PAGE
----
Greetings from Costa Rica!
My mom and I are on a two-week sojourn through costa rica. 10 days on a caravan tour, followed by 5 days on our own with a rental car to see a few other spots and visit some friends who live here now.
Here are some highlights so far to give you a taste of what we are seeing here.
Today is day five of our caravan tour. They really have all the bases covered. We are staying in really nice hotels and resorts and the tour includes all our meals (buffet style). We are a group of 46 with our tour guide Jose who is very knowledgeable, and bus driver Jaime who navigates the narrow streets and mountain roads with incredible expertise. Since i don’t speak spanish (even after 4 years if high school spanish) this is a great way to get aquainted with a foreign country and then explore on our own after we get the lay of the land so to speak. So far i have ‘hola’ down pretty well, and here they say ‘pura vida’ (pure life) as kind of an all purpose greeting and response.
Our flights were uneventful and we even got a hot meal on our flight to costa rica. Easy breezy through customs, and caravan tour bus was waiting for us to take us to our hotel in san jose.
The next day they took us up through the cloud forest to poas volcano. On the way we saw lots of rainbows
which made up for the fact that when we got up to the volcano rim it was so cloudy and misty we couldn’t see into the crater.
There is a volcano down through that mist :
And then toured a coffee plantation
Day two was a very very long bus/boat ride to Tortuguero in the Caribbean coast in the rain forest. The trip there was long and slow up over the mountains in the rain.
We stopped for lunch at a roadside restaurant that had a nice little butterfly garden.
Tortuguero has quaint resorts with Clusters of rustic cabins in the midst of the rain forest right at the Caribbean coast.
It rained a lot our two days there (surprise!), but we did get some sun. We had a few monkeys running through the encampment,
along with lizards and a few birds, but I was sorely disappointed by the noticeable LACK of fauna of all kinds. I was expecting much more. Very few birds, not much in the way of insects (thankfully), and we were not awoken by howler monkees as we were warned, although we saw them around. A few sloths, iguanas, and a couple crocs and caymans. But it was not “teaming with life” as i had expected. Indeed my mom’s place on bayou liberty in slidell louisiana has more abundant wildlife just outside her front door. Guess i’m spoiled. But we enjoyed the thick flora, lots of greenery and flowers. Still very nice.
They took us to the turtle nesting grounds on the beach, and then through the touristy village of tortuguera. Cute, but i guess after living a couple summers in a real caribbean fishing village of port royal, jamaica, this was not something i needed to experience.
The next day we went on another boat tour looking for wildlife. We didn’t see much – a couple sloths, blue heron, a cayman, a few other birds.
Can you see the tail of the cayman (small croc)?
An anhinga drying its wings after the rain
After another long boat/bus trek back out of the jungle, we headed towards arenal volcano near the west coast.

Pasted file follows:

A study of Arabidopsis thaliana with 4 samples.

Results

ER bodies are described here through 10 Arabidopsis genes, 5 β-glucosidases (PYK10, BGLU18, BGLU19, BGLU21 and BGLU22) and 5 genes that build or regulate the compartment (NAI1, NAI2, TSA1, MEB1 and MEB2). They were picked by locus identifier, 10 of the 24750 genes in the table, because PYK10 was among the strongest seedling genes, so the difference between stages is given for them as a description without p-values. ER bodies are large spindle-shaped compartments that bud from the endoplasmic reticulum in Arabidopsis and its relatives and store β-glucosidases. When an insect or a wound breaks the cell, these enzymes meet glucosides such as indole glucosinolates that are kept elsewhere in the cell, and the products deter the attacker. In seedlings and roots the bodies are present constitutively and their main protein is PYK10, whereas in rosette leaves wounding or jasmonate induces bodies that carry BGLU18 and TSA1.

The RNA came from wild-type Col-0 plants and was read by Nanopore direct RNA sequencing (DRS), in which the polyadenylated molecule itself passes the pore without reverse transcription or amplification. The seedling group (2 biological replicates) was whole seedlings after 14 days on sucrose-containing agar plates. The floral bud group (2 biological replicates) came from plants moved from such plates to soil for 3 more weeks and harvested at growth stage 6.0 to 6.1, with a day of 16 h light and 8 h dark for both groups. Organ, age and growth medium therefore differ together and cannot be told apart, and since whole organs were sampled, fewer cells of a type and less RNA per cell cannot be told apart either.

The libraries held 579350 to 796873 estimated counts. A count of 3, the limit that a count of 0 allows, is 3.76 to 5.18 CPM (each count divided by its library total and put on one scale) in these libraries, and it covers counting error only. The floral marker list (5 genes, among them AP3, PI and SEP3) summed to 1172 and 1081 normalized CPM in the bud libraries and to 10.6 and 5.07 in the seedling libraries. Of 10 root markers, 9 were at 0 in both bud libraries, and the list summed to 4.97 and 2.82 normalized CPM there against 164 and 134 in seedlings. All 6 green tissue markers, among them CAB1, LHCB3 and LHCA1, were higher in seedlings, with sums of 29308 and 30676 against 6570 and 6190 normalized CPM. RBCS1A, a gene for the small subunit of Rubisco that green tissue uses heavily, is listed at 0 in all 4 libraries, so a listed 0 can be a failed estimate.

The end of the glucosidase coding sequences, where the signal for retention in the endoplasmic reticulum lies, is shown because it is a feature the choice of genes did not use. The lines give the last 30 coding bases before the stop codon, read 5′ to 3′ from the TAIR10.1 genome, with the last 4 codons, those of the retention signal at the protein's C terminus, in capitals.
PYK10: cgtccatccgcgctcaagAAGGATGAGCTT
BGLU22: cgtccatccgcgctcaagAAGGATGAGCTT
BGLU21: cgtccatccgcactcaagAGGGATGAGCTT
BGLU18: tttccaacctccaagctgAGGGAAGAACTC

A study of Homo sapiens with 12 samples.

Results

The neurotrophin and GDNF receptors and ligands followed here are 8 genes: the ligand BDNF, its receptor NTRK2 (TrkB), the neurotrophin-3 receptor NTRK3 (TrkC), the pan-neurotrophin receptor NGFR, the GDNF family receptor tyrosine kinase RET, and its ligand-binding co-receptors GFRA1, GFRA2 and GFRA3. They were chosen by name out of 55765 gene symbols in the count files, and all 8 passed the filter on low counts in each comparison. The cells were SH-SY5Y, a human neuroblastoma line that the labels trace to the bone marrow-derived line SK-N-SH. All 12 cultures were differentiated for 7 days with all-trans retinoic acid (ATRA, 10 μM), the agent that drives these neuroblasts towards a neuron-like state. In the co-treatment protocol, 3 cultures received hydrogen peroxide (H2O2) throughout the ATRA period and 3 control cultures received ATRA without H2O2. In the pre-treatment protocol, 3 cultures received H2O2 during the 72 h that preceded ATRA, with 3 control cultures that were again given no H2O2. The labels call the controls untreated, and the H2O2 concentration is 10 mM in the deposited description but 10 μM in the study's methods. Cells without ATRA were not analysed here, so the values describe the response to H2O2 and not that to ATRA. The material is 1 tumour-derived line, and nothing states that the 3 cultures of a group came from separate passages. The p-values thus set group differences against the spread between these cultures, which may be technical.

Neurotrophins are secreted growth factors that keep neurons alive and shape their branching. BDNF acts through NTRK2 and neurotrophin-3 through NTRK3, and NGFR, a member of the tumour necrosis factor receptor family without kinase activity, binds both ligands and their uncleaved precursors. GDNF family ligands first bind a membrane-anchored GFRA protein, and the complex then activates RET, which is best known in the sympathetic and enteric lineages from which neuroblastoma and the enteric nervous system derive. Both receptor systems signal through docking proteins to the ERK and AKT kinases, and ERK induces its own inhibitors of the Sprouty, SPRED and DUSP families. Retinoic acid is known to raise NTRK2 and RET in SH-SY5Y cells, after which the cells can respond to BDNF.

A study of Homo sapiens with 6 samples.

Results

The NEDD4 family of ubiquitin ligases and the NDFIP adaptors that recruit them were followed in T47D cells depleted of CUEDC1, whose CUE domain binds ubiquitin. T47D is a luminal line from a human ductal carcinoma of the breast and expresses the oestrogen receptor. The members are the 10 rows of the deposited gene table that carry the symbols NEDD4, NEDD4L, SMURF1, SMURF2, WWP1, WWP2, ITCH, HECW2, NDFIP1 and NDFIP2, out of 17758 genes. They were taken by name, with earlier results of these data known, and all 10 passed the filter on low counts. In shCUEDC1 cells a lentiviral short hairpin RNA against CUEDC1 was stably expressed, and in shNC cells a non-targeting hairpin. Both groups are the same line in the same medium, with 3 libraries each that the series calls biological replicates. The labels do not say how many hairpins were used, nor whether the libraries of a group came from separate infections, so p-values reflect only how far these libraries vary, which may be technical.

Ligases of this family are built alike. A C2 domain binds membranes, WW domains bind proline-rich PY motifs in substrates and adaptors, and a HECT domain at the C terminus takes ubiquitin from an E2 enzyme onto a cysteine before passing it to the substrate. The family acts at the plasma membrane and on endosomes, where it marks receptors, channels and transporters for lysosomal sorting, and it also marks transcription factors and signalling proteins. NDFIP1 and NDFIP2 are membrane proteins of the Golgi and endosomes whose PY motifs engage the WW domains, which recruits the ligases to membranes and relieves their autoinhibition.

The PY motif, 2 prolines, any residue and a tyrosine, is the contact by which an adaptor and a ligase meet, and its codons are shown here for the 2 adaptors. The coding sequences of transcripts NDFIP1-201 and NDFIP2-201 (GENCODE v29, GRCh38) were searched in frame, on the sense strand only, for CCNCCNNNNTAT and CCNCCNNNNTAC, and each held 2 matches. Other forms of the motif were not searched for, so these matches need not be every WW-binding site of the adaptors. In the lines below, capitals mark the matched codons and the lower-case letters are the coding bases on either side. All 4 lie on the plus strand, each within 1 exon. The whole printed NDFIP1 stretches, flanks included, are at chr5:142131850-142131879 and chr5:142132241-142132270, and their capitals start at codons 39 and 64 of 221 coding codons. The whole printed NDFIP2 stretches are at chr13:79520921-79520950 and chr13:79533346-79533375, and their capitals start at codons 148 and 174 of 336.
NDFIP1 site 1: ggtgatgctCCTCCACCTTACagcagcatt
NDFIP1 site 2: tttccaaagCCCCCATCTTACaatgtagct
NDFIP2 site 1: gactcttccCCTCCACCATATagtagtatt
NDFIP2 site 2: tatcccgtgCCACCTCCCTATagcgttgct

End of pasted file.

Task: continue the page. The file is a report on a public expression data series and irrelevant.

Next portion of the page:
On the way we stopped for lunch at a restaurant that had a huge ancient tree called the white almond, still around because the wood is so hard the loggers couldn’t float them out and nails can’t be driven into it. They told us this type of tree was the model for the tree in the avatar movie. Does kind of look like it.
Some of our bus mates to try to give you an idea of how truly massive and tall this tree is.
We also saw a sloth on the grounds, more flowers, and a poison dart frog Jose found for us.
Can you see the sloth?
So now here we are at a super nice resort at the base of arenal volcano, a still active crater, although it just spits steam mostly lately.
Most of the day the top is covered by clouds, but i was able to catch it early this am and could see the steam hissing out of the top. Our “cabin” is next to a field with cows and orange trees, and there are bananas growing in our front yard.
Last night after traveling all day across the country we soaked in the hot springs here. Sweet.
The food so far has been nice, lots of beans and rice, but what really stands out is the fruit we get every meal. Sweet and fresh. We stopped at a pineapple plantation, and we pass many banana plantations, guava groves, and all manner of sweet edibles.
Lots of cows – well treated and mostly bramas. Nearly everyone has a dog or two and they appear well cared for. Roads are good, only saw one minor fenderbender, and not much poverty, mostly on the outskirts of san jose. We drove through a lot of little towns, and the houses are small but neat. People are super friendly, and do seem very happy.
Costa Rica is a unique country. They abolished their military so they could apply those funds to healthcare and education. Everyone gets healthcare. Education is very important. And it really shows. Internet is everywhere. Everyone has cell phones. the cars are nice and fairly new. The country is modern and clean and they try to do things in a responsible way. Big on ecology, conservation and agriculture. Tourism is the biggest indusry here and you can tell they care.
Internet has been good everywhere so far. Free either in the room or at least near reception. So i have been able to keep tabs on my email and voicemail, upload pictures and of course send this out. Even allowed myself to check the news, but am trying to avoid that.
Tomorrow we head to a marriott resort on the Pacific coast for some sun and sand, and then back to san jose to wrap up the canned part of our trip. From there we rent a car and drive back down to the southern part of the Pacific coast for a few days near Dominical.
But today we are taking it easy, catching up with laundry and rest, the weather is perfect, and life is sweet.